About this book
The Bush Garden
Essays on the Canadian Imagination
Lisa Moore • Northrop Frye
"Any publication by Northrop Frye is an important literary event; this one is of the highest importance to Canadian literature." — Globe and Mail
Originally published by Anansi in 1971, The Bush Garden features Northrop Frye’s timeless essays on Canadian literature and painting.
In this cogent collection of essays written between 1943 and 1969, formidable literary critic and theorist Northrop Frye explores the Canadian imagination through the lens of the country’s artistic output: prose, poetry, and paintings. In the collection, Frye offers insightful commentary on the works that shaped a "Canadian sensibility," and includes a comprehensive survey of the landscape of Canadian poetry throughout the 1950s, including astute criticism of the work of E. J. Pratt, Robert Service, Irving Layton, and many others.
Written with clarity and precision, The Bush Garden is a significant cache of literary criticism that traces a pivotal moment in the country’s cultural history, and the evolution of Frye’s thinking at various stages of his career. These essays are evidence of Frye’s brilliance, and cemented his reputation as Canada’s — and the world’s — foremost literary critic.
The question of Canadian identity, so far as it affects the creative imagination, is not a “Canadian” question at all, but a regional question. An environment turned outward towards the sea, like so much of Newfoundland, and one turned towards inland seas, like so much of the Maritimes, are an imaginative contrast: anyone who has been conditioned by one in his early years can hardly be conditioned by the other in the same way. Anyone brought up on the urban plain of Southern Ontario or the gentle pays farmland along the south shore of the St. Lawrence may become fascinated by the great sprawling wilderness of Northern Ontario or Ungava, may move their and live with its people and become accepted as one of them, but if he paints or writes about it he will paint or write as an imaginative foreigner. And what can there be in common between an imagination nurtured on the prairies, where it is a centre of consciousness diffusing itself over a vast flat expanse stretching to a remote horizon, and one nurtured in British Columbia, where it is in the midst of gigantic trees and mountains leaping into the sky all around it, and obliterating the horizon everywhere?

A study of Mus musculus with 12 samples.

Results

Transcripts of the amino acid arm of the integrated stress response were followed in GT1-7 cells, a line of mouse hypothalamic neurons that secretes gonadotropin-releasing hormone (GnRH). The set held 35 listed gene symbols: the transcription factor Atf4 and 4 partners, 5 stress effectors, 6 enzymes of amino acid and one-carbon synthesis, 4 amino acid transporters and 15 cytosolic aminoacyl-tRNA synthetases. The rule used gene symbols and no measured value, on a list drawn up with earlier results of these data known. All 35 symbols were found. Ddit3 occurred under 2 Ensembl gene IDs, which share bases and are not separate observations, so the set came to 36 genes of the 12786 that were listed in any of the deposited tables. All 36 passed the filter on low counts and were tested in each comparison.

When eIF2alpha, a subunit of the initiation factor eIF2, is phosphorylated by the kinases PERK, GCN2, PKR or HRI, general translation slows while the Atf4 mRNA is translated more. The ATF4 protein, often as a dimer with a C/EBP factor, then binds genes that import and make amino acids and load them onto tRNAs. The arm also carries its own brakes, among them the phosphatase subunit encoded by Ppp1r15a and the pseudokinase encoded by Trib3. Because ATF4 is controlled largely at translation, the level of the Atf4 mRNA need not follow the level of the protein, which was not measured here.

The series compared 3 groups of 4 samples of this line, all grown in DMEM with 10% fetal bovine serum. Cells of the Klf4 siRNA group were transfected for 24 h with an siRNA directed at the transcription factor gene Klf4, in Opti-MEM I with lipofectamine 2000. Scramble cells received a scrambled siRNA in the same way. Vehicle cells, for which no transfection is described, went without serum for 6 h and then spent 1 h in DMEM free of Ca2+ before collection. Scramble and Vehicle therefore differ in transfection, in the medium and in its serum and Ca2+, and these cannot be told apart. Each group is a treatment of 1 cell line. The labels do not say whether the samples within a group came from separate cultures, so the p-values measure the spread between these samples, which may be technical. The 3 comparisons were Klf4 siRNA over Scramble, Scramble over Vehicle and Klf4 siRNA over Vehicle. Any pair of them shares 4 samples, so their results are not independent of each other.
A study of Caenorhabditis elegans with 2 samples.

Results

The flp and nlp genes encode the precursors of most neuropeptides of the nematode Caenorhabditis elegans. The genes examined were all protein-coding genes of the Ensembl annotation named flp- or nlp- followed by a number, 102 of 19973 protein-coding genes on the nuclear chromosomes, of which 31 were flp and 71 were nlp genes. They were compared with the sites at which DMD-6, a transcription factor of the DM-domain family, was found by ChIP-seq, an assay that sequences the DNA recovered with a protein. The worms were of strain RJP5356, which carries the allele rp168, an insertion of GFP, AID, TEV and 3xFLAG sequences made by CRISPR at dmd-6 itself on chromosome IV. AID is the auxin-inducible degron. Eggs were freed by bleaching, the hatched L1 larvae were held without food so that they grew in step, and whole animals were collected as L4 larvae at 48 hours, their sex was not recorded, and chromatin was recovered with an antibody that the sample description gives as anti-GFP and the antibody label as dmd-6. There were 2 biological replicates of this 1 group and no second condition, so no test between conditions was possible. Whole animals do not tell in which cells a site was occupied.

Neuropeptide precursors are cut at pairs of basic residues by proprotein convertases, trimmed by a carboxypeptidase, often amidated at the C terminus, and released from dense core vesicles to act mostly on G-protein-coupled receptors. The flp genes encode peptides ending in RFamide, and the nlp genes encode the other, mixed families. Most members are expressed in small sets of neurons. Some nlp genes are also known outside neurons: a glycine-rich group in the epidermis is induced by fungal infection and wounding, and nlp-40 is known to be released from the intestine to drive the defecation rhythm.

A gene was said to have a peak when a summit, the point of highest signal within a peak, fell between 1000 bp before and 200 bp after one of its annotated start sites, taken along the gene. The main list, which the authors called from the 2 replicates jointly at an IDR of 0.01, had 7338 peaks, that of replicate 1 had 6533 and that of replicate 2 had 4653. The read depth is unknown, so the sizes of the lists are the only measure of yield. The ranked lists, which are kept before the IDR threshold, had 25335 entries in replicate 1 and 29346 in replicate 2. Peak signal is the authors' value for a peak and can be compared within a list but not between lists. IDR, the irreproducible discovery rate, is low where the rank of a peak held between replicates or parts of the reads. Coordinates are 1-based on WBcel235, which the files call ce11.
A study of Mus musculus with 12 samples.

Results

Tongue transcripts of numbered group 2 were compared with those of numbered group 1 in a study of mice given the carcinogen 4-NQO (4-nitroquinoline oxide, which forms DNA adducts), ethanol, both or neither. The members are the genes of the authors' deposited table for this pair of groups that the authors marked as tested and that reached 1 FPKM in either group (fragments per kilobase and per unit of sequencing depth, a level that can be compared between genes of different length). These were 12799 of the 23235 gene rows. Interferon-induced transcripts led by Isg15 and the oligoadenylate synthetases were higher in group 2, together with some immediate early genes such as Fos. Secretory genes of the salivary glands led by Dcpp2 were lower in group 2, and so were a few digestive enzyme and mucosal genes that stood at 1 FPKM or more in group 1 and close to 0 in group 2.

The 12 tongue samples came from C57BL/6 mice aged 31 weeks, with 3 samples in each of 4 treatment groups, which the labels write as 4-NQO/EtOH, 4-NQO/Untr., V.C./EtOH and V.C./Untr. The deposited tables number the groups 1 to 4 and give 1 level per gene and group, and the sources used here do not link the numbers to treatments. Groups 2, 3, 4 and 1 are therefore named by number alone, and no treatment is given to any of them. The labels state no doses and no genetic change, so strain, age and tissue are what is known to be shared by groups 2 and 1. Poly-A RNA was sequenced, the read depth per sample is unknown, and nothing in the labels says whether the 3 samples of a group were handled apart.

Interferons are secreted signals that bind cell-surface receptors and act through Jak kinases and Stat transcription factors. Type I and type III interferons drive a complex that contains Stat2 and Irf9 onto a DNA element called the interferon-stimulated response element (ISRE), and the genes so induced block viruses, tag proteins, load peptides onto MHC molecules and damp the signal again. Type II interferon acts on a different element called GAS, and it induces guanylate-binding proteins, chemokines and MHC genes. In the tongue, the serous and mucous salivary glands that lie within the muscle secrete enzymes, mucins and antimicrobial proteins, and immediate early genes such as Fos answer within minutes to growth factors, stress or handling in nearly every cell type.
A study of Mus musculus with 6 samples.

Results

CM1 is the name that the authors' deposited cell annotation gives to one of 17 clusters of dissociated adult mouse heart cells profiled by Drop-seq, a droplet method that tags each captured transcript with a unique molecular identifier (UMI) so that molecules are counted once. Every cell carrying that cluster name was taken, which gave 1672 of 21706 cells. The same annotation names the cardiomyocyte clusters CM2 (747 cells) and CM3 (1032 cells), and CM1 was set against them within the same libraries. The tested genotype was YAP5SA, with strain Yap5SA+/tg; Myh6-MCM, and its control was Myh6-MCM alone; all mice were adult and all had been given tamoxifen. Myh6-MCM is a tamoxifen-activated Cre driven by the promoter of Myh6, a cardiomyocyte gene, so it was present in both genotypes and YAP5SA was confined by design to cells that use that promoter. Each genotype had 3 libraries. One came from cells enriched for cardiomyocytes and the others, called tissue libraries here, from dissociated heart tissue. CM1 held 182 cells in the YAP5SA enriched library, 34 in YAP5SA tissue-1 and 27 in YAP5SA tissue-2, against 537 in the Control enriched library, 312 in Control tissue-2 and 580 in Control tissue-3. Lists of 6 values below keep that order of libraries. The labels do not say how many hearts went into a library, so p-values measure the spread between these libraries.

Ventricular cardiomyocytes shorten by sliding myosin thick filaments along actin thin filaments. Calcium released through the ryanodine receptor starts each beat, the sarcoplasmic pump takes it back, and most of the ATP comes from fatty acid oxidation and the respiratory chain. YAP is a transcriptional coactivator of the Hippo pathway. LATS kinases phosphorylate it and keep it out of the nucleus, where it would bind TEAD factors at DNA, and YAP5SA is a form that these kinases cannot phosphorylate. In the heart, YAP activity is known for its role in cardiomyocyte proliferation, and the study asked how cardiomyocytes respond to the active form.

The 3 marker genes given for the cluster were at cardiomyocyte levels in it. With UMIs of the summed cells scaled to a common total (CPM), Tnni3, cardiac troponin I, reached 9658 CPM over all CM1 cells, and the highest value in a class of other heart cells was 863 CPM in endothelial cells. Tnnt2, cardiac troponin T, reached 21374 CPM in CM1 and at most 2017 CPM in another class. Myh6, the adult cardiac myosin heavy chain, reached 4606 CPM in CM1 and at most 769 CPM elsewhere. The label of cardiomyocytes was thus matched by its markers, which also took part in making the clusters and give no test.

About the Creators
Lisa Moore is the acclaimed author of the novels Caught, February, and Alligator. Caught was a finalist for the Rogers Writers’ Trust Fiction Prize and the Scotiabank Giller Prize and is now a major CBC television series starring Allan Hawco. February won CBC’s Canada Reads competition, was longlisted for the Man Booker Prize, and was named a New Yorker Best Book of the Year and a Globe and Mail Top 100 Book. Alligator was a finalist for the Scotia Bank Giller Prize, won the Commonwealth Writers’ Prize (Canada and the Caribbean region), and was a national bestseller. Her story collection Open was a finalist for the Scotia Bank Giller Prize and a national bestseller. Her most recent work is a collection of short stories called Something for Everyone. Lisa lives in St. John’s, Newfoundland.
Northrop Frye was one of the most distinguished and respected authorities on English literature. He was Principal and Chancellor of Victoria College, University of Toronto, and a Fellow of the Royal Society of Canada. Among his numerous books are The Educated Imagination, Fearful Symmetry: A Study of William Blake, Anatomy of Criticism, The Great Code, Divisions On a Ground, and The Bush Garden.